The California State Legislature is currently considering the passage of legislation that would require state institutions to purchase food grown or produced in the state before buying products from out-of-state or other countries.
If passed, Assembly Bill 199, the “Choose California” bill, would mandate that state institutions purchase foods from California farms so long as their prices are not more than 5 percent more expensive than identical items from outside the state.
Public schools would be exempt from this 5 percent threshold and would only be required to purchase from in-state producers if competing out-of-state products cost the same amount or were less expensive, according to Noelle Cremers, director of natural resources and commodities at the California Farm Bureau Federation.
The bureau, a nonprofit nongovernmental organization made up of 53 county farm bureaus whose stated purpose is to protect and promote the state’s agricultural interests, supports the legislation.
“(The bill) would help promote California-grown agricultural products,” Cremers said. “The state should play a leadership role in supporting our farmers and showing the importance of purchasing homegrown products to its citizens.”
AB 199 was introduced in late January by Assemblymember Chris Holden, D-Pasadena. The bill will soon be heard in the state Assembly’s Committee on Accountability and Administrative Review as well as the Committee on Agriculture, said Wendy Gordon, Holden’s press secretary, in an email.
“Fresh, locally-sourced produce and products are always a plus for public institutions such as state hospitals, prisons, and other state-run organizations,” Gordon said in the email. “We are optimistic the lawmakers and governor will see the value in this bill — not only to farmers but also those who will be eating fresher, locally sourced foods.”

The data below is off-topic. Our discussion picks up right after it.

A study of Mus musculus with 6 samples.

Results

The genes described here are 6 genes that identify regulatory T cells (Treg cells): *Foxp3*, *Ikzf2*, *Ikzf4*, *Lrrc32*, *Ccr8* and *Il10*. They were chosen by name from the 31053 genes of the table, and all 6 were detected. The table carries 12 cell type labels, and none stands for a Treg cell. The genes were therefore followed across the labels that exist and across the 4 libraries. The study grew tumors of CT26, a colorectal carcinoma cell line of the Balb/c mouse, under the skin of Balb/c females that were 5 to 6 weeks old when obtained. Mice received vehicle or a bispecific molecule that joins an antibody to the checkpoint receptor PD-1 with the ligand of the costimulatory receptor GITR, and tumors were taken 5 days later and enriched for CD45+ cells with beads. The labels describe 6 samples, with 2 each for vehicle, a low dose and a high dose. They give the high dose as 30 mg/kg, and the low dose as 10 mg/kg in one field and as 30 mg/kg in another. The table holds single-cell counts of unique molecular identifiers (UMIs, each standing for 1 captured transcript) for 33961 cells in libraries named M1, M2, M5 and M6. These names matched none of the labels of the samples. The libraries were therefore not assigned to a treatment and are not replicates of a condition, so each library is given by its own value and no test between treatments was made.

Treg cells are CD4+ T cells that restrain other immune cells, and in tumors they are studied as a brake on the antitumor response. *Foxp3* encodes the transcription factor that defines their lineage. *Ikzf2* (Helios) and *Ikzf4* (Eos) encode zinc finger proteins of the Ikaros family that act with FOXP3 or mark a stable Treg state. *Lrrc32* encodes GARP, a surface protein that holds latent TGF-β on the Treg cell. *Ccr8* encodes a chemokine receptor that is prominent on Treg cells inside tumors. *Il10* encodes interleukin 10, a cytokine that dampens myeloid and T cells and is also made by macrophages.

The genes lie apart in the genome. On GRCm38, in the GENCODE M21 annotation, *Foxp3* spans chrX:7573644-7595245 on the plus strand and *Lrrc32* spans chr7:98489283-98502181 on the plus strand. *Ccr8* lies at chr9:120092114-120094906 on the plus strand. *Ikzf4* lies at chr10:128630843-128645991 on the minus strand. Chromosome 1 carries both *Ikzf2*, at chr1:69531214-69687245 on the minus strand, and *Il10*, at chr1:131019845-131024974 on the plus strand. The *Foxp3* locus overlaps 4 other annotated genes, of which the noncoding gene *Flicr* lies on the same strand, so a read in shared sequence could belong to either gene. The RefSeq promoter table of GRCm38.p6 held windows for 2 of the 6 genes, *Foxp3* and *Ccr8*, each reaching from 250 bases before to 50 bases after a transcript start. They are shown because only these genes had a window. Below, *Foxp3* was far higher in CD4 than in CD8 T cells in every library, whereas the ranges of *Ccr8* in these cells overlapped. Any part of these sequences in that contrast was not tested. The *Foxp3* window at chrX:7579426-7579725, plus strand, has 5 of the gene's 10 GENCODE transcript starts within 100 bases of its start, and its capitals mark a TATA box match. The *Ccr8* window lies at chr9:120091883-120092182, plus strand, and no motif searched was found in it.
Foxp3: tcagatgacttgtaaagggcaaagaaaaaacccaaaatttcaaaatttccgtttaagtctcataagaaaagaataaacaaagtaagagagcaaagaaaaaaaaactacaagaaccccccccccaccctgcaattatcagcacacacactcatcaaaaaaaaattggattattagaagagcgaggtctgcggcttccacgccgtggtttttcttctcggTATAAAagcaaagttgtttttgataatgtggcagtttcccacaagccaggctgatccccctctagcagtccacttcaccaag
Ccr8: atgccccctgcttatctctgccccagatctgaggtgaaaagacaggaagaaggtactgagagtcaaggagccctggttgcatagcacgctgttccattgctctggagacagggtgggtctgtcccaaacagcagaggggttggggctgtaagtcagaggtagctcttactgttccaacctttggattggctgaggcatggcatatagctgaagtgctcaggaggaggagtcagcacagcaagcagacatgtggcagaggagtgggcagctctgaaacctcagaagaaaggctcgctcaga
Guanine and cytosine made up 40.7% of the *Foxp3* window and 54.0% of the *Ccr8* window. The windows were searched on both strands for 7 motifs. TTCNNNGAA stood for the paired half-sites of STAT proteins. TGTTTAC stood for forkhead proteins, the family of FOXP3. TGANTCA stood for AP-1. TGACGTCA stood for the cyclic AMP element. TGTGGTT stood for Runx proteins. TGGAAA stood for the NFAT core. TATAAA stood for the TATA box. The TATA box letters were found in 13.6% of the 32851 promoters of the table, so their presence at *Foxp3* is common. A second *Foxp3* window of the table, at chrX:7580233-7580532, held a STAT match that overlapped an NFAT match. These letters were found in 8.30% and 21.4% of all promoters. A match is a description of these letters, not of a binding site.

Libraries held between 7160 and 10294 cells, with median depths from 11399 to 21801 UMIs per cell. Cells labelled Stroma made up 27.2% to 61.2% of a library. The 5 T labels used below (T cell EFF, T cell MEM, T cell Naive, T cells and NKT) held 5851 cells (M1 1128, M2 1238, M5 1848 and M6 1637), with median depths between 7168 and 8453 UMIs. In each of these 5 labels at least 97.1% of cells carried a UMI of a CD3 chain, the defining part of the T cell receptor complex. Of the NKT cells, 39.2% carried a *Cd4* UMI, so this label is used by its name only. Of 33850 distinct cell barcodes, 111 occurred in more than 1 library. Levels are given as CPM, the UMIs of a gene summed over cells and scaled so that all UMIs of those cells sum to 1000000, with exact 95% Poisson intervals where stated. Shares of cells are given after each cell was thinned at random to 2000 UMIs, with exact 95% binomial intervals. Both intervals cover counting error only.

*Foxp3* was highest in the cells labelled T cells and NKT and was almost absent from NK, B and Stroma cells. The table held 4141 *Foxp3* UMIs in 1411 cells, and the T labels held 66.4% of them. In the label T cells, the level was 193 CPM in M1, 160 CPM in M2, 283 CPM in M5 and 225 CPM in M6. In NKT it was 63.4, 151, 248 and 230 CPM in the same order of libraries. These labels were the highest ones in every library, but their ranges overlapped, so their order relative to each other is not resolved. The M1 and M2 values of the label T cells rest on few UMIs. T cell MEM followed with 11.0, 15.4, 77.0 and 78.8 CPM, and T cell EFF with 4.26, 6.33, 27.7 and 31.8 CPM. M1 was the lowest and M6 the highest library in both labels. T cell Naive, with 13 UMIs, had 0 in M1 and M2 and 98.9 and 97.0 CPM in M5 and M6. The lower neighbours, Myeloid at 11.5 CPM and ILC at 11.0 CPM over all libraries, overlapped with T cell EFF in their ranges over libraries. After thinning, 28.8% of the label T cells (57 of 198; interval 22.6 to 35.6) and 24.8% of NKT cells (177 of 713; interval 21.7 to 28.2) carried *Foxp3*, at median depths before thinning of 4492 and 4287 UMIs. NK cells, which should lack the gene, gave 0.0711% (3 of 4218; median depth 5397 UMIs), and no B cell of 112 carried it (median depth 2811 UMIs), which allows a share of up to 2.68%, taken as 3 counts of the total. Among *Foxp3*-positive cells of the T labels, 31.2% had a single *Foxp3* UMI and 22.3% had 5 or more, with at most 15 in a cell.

The bill’s potential impact on the state budget is still unknown, as is whether it will benefit large farms or smaller ones and whether it will affect the amount of conventional produce grown in the state in comparison to organic crops. Cremers said she does not think the bill would change the current balance between organic and conventional products.
The UC Office of the President has yet to review the bill to take a position on it, according to spokesperson Brooke Converse. In 2008, Cal Dining worked with Buy Fresh, Buy Local, an initiative of the Community Alliance with Family Farmers, to pledge that the campus food service will purchase a minimum of 10 percent of its food products from local sources. Cal Dining is currently purchasing 60 percent of its produce from within a 16-county radius of campus, according to its website.
Schools in the Berkeley Unified School District would not be affected by the bill’s passage because the district does not purchase from out-of-state, according to district spokesperson Mark Coplan. Berkeley’s geographic location allowed it to more easily adopt a local foods model compared to other districts throughout the state, he said.
Coplan noted that 30 percent of the food in the schools is organic and comes from within 50 miles.
“It’s something that the Legislature needs to help school districts achieve,” Coplan said. “It’s something everyone needs to do, and it’s something that schools need help funding.”
A similar bill was passed by the state Legislature 2001 but was vetoed by governor Gray Davis, and a 2010 effort ended shortly after the bill was introduced in the state Assembly Committee on Appropriations.